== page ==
Better days ahead for Coal India on closure of unviable mines

Coal India’s performance in the December quarter marks a recovery, it was better than expected on the profitability front and could prop up investor sentiment. Earlier, the firm’s performance was affected by destocking of coal inventories by power sector customers, wage hike provisioning and grade slippages-related issues. This affected investor sentiment as well. 

Reported sales volumes grew 7 per cent, aided by increased supplies to the power sector. The proportion of supplies, under fuel supply agreements (FSAs), to power sector customers — cheaper by 20 per cent — weighed on realisations. But higher e-auction realisations helped sustain Q3 realisations at levels seen in the year-ago period. Thus, reported sales grew 6 per cent year-on-year (y-o-y), to Rs 216.4 billion. 

Improving e-auction realisations were at Rs 1,998 a tonne in Q3, compared to Rs 1,564 a tonne in the corresponding period a year earlier. FSA realisations are expected to improve in the March quarter, given that Coal India raised prices in January. Analysts said the company’s recent, larger-than-expected, FSA price hike of over Rs 100 a tonne was a major positive, and would likely result in an accrual of Rs 64 billion in additional annual revenue. This would be in addition to Rs 25 billion revenue increment from the evacuation facility surcharge. ICICI Securities analysts added that the e-auction premiums could stay strong in the near- to mid-term, as power utilities stocked up to meet peak summer demand.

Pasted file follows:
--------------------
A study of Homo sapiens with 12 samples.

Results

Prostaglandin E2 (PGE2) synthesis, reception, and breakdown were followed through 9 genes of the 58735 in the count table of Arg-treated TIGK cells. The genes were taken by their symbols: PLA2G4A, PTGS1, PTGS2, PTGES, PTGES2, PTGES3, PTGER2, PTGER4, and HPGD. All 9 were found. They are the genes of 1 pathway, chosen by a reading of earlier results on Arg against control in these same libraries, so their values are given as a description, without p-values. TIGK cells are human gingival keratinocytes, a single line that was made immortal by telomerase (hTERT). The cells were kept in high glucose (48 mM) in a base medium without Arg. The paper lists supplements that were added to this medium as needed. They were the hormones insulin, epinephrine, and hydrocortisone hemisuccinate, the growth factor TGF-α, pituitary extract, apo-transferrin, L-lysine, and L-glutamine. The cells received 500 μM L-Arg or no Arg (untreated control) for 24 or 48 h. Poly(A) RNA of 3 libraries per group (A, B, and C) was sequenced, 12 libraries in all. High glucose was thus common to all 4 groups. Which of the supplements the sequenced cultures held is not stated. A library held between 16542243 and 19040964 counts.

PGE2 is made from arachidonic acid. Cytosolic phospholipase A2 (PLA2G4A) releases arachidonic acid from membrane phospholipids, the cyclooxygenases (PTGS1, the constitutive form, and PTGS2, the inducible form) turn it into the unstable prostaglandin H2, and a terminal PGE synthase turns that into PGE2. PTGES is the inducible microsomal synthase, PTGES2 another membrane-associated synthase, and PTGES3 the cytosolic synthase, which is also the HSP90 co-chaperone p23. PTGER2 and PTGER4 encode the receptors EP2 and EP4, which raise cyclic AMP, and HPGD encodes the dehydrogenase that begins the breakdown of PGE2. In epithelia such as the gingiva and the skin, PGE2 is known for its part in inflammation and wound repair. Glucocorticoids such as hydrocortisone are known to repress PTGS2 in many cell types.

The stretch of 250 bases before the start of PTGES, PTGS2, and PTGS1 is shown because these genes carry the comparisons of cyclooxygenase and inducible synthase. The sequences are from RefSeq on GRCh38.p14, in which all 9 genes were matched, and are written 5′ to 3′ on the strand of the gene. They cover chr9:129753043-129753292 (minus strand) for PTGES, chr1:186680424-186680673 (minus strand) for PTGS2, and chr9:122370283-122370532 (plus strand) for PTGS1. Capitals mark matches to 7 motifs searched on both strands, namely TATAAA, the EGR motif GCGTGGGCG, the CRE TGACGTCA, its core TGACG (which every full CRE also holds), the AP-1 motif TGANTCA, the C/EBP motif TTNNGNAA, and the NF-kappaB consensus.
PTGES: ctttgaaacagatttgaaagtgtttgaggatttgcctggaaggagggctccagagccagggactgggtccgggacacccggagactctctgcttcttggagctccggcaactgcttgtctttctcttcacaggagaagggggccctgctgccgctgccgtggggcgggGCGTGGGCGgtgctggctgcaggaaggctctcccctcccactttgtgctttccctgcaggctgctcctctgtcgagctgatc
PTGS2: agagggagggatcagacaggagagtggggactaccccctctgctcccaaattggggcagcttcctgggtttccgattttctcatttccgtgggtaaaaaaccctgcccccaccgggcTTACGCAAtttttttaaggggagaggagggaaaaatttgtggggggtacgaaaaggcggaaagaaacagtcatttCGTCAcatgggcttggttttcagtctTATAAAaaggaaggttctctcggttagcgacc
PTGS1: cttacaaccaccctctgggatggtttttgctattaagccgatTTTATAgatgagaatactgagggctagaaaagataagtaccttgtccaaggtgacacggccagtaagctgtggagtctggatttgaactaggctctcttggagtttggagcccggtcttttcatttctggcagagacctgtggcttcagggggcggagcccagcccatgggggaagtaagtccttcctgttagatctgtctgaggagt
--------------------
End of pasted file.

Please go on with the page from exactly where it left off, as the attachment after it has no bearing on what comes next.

Coal India was also able to rationalise costs in Q3. Operating profit, at Rs 46.2 billion, improved 20 per cent y-o-y; excluding overburden removal, it was up 19 per cent at Rs 55.4 billion. Net profit was up 4 per cent y-o-y at Rs 30 billion, ahead of consensus estimates of Rs 27 billion.

Against this backdrop, analysts remained positive on Coal India’s realisations and volumes prospects. Motilal Oswal Securities said concerns around grade slippage and wage hikes were now over and volume growth, operating leverage, closure of unviable underground mines and high natural (employee) attrition remained key earnings drivers. They expected Coal India’s earnings to grow at a compounded annual rate of 30 per cent during FY18-20.

One area to keep track of is whether the company’s plans to move to gross calorific value (GCV)-based coal pricing will affect its financials. Globally, companies follow GCV-based pricing. Some analysts said such a move might offset benefits of recent price hikes. Analysts at Jefferies said there could be variances depending on the actual grade delivered, which could affect average realisation, but it was unlikely that the entire impact of the recent 10 per cent price hike might be negated, contrary to market fears. 

Jefferies has a target price of Rs 350, while that of Motilal Oswal Securities is Rs 401 for the stock trading at Rs 301.